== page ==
Oil is back
Banner headlines in the press proclaimed the news that oil prices had soared by $3.50 to a level of $31 a barrel, on the day that the Twin Towers were attacked. So-called experts predicted that oil might even rise to as much as $40 a barrel. So should we all rush out and buy oil shares?
Before taking the plunge, take a look at oil prices over recent years. In the first oil crisis of 1973, following the oil embargo on the West after the Yom Kippur war, oil soared from $10 to $37 a barrel - and that is equal to $170 in today's terms.
In the second crisis of 1979 (the Iranian revolution) oil leaped to $41 a barrel, which is the equivalent of $100 a barrel today. When Saddam Hussein invaded Kuwait in 1990, oil prices jumped to $40 a barrel - $60 today.
So maybe oil will return to center stage and the price will rise to $100 or even $170? There is one big difference between then and now. Today the OPEC cartel of oil producers controls only 40 percent of the world's oil supply. The West has invested heavily in the North Sea and discovered oil there. Many countries have switched to nuclear power or natural gas, and are using oil more efficiently and saving more, so that today there is actually an excess supply of oil.
There is also an unwritten agreement between OPEC and the U.S. that keeps oil fluctuating between $22 and $28 a barrel, with Saudi Arabia - and the large excess supply capacity that it has and could use to manipulate the price - a party to the deal. So after seeing the mayhem that broke out in one terrible day, we watched oil drop back to $28 a barrel on the morrow, so whoever did rush out to buy oil lost.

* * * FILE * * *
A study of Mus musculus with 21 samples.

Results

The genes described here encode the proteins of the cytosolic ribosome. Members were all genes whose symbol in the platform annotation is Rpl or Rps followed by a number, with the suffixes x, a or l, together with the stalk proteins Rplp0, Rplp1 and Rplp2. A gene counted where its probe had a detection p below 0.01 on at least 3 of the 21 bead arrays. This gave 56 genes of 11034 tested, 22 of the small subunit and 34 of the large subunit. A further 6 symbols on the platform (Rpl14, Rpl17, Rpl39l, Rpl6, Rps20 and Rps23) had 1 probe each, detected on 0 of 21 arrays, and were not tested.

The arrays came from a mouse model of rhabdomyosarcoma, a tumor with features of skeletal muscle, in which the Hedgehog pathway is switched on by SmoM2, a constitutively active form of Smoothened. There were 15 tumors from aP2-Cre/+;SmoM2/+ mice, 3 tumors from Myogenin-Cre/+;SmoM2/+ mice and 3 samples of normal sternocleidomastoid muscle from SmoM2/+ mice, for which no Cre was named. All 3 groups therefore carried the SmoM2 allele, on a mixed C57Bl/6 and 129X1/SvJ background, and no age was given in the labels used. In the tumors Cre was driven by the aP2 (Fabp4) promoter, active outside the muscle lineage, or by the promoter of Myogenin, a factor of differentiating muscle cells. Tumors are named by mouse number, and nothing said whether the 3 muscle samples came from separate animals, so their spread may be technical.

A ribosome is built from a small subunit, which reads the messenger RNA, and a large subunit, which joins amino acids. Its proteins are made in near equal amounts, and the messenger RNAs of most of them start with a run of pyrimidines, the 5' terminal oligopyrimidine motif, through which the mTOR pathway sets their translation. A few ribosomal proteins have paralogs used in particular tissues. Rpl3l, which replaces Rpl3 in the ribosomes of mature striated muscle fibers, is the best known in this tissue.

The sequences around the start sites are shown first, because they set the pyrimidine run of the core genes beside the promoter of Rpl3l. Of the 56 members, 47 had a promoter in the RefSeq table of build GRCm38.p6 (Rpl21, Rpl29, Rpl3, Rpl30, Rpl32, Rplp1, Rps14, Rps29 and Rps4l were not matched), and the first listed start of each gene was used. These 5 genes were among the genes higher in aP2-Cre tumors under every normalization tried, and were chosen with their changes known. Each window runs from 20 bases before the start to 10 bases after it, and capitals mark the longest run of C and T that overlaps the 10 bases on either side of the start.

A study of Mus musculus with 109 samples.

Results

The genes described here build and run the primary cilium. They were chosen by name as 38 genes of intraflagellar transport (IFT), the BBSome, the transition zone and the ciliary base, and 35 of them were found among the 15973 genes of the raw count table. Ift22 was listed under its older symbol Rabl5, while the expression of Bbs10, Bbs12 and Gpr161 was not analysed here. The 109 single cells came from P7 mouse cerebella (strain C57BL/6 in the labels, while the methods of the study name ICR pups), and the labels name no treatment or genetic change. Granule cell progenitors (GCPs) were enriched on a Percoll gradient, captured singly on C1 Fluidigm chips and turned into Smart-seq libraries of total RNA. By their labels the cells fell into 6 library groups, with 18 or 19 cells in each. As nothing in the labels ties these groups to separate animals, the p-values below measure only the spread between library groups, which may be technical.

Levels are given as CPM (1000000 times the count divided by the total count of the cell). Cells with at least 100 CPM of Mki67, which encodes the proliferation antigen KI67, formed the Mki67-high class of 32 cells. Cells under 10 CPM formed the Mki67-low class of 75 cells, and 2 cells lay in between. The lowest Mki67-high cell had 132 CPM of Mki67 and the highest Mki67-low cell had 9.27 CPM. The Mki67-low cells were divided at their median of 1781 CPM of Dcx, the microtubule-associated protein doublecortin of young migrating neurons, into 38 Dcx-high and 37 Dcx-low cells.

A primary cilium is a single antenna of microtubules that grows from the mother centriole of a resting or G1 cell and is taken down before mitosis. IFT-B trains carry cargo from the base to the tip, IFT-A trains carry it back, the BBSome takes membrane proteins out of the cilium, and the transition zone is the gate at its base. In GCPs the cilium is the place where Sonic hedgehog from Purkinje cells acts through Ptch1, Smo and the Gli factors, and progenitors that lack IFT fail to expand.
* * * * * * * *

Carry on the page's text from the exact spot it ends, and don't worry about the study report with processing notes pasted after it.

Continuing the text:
The Jewish angle
When it became clear that the first plane to crash into the tower was at 8:45 A.M. and the second at 9:03 A.M., there were many that found some consolation in knowing that New Yorkers start working at 9 A.M. and that there was a chance, given lateness, hold-ups, traffic jams, that maybe the towers were relatively empty and the number of victims would be lower. In the middle of the day, the Twin Towers hold around 50,000 workers and several thousand more visitors.
It now transpires that the buildings were not completely full, and the number of tourists was not at its peak, but we are talking about the heart of the Wall Street district, the financial capital of the U.S., and the buildings housed leading international companies, brokerages and investment banks such as Morgan Stanley, Credit Suisse and Cantor Fitzgerald. These are companies that trade around the clock, where the traditional nine-to-five working day has little meaning; so the majority of the victims are likely to be from that financial sector. It is known that many Jews work in these companies.